The connection between Bitcoin and gold goes back to Bitcoin’s origin. While it is not mentioned in the Bitcoin white paper, Satoshi Nakamoto actually referred to gold’s rarity in a Bitcointalk forum post when introducing the first version of Bitcoin (BTC) in 2009. This was to emphasize the importance of a limited supply of 21 million coins.
Bitcoin’s market value is frequently matched up against gold, which boasts a total worth of $12.8 trillion, and many crypto pundits often point to the approval of a gold exchange-traded fund (ETF) in 2004 as the catalyst for the asset’s price appreciation.
Currently, Bitcoin encounters resistance at the $30,000 mark, and its inability to surpass this level could lie in how institutional investors perceive the comparison of BTC and gold as stores of value.
Bitcoin’s present market cap of $570 billion outshines traditional giants like Visa, Taiwan Semiconductor and JPMorgan Chase. However, it’s still 55% behind silver and significantly trails the world’s foremost tradable asset, gold.
This raises a crucial question: How closely are the prices of these two assets linked? In simpler terms, do their prices actually have a noticeable connection?
The explanation becomes clear when considering Bitcoin’s heightened volatility. For example, the 30-day correlation indicator can shift from positive to negative within a matter of weeks. This lack of consistent price connection can be attributed to Bitcoin’s relatively modest adoption and the uncertainty that investors still grapple with concerning its potential and practical applications.
Investors and analysts continue to debate whether Bitcoin’s decentralized nature and limited supply validate its role as a financial reserve, while others counter that its price instability hinders its viability as a medium of exchange. Nonetheless, there’s no barrier to evaluating Bitcoin’s market cap alongside major global stocks and other commodities.
Bitcoin investment products vs. gold ETF
According to CryptoCompare, investment vehicles linked to Bitcoin amassed a total of $24 billion in July. This encompasses products like the Grayscale Bitcoin Trust and exchange-traded notes from various providers. This translates to about 4.2% of Bitcoin’s current market cap of $570 billion. Even considering the more generous estimate of 1.66 million BTC reportedly held by institutional investors, that’s still only 8.5% of the total market cap.
Comparatively, gold-backed ETF products were valued at $215 billion in June, a mere 1.7% of gold’s market cap. However, for a fair assessment against Bitcoin, it is worth considering physical gold holdings, which are favored by governments and banks. At the same time, regulations often push fund managers toward exchange-listed BTC products, causing this discrepancy.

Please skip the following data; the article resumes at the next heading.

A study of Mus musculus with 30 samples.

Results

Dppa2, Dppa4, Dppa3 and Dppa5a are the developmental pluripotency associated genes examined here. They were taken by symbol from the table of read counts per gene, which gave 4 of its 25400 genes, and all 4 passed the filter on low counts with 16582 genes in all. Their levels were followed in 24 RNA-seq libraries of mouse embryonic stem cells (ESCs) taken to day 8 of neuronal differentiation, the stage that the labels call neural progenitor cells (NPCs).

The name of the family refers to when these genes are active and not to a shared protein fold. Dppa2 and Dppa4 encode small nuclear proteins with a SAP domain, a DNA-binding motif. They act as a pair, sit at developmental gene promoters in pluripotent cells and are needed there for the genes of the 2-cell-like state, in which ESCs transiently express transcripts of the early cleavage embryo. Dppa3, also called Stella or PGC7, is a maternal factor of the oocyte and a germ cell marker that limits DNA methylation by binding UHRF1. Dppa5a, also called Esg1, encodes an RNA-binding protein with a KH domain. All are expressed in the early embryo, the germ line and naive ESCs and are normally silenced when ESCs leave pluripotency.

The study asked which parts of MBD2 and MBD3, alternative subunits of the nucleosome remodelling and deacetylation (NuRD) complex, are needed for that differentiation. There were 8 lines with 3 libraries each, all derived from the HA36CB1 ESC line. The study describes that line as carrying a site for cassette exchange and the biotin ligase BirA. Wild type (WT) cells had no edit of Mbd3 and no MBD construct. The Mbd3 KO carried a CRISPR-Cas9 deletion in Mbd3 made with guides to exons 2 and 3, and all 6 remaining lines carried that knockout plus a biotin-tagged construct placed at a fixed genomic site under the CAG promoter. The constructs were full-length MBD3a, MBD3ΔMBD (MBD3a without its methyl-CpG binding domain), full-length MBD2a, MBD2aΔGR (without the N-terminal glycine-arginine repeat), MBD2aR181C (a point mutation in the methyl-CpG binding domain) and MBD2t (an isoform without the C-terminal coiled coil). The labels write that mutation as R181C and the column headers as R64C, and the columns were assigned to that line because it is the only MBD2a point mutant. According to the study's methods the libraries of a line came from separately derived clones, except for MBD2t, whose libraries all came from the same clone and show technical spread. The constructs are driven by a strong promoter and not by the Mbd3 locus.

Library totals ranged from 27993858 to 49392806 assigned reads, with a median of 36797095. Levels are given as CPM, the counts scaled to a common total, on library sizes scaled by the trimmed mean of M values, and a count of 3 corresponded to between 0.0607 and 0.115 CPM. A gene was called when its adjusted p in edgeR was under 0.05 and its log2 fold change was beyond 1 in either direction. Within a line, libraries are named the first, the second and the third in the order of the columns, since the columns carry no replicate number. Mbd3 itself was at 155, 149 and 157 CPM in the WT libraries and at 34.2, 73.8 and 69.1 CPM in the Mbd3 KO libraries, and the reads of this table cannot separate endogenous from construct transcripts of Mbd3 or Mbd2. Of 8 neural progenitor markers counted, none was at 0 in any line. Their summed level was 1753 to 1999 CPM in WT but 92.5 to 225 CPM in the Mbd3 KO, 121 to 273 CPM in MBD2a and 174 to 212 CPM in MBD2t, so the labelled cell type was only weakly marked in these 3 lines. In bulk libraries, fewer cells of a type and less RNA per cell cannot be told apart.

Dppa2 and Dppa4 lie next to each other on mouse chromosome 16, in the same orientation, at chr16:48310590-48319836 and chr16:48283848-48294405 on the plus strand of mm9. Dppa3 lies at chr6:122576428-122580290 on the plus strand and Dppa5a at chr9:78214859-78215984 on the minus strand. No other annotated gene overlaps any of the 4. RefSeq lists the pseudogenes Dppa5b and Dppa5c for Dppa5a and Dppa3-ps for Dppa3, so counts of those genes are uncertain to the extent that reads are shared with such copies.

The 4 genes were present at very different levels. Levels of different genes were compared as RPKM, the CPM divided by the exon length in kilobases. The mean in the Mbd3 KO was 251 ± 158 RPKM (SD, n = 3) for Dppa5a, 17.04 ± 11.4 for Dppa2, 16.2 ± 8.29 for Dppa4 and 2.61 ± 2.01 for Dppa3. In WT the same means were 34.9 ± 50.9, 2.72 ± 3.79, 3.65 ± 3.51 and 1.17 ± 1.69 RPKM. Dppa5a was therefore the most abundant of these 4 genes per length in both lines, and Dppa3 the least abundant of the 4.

For instance, central banks and the International Monetary Fund hold a hefty 46,603 tonnes of gold, equivalent to $2.84 trillion. Private investments in bars and coins add 45,000 tonnes, worth an extra $2.74 trillion. In total, investors hold $5.8 trillion in gold, accounting for 45.2% of its market cap.
This analysis implies Bitcoin’s adoption as a store of value among institutional investors is around 81% smaller than gold. This partly explains why Bitcoin’s market cap of $570 billion is a substantial 95.5% lower than that of gold, the dominant precious metal.
Bitcoin could succeed regardless of its use as a store of value
Bitcoin’s market cap could potentially multiply fivefold, reaching $2.9 trillion, even without complete adoption as an institutional store of value. This surge might stem from the escalating demand for decentralized digital trading. With conventional financial systems encountering hurdles, Bitcoin’s role as a global, censorship-resistant transaction medium gains prominence.
Moreover, its increasing integration into e-commerce and online markets could amplify transaction volumes. As individuals seek alternatives to traditional payments, Bitcoin’s scarcity and utility might establish a self-reinforcing value cycle. This distinctive blend of factors implies that Bitcoin’s price surge may not exclusively hinge on institutional adoption as a store of value.
This article is for general information purposes and is not intended to be and should not be taken as legal or investment advice. The views, thoughts, and opinions expressed here are the author’s alone and do not necessarily reflect or represent the views and opinions of Cointelegraph.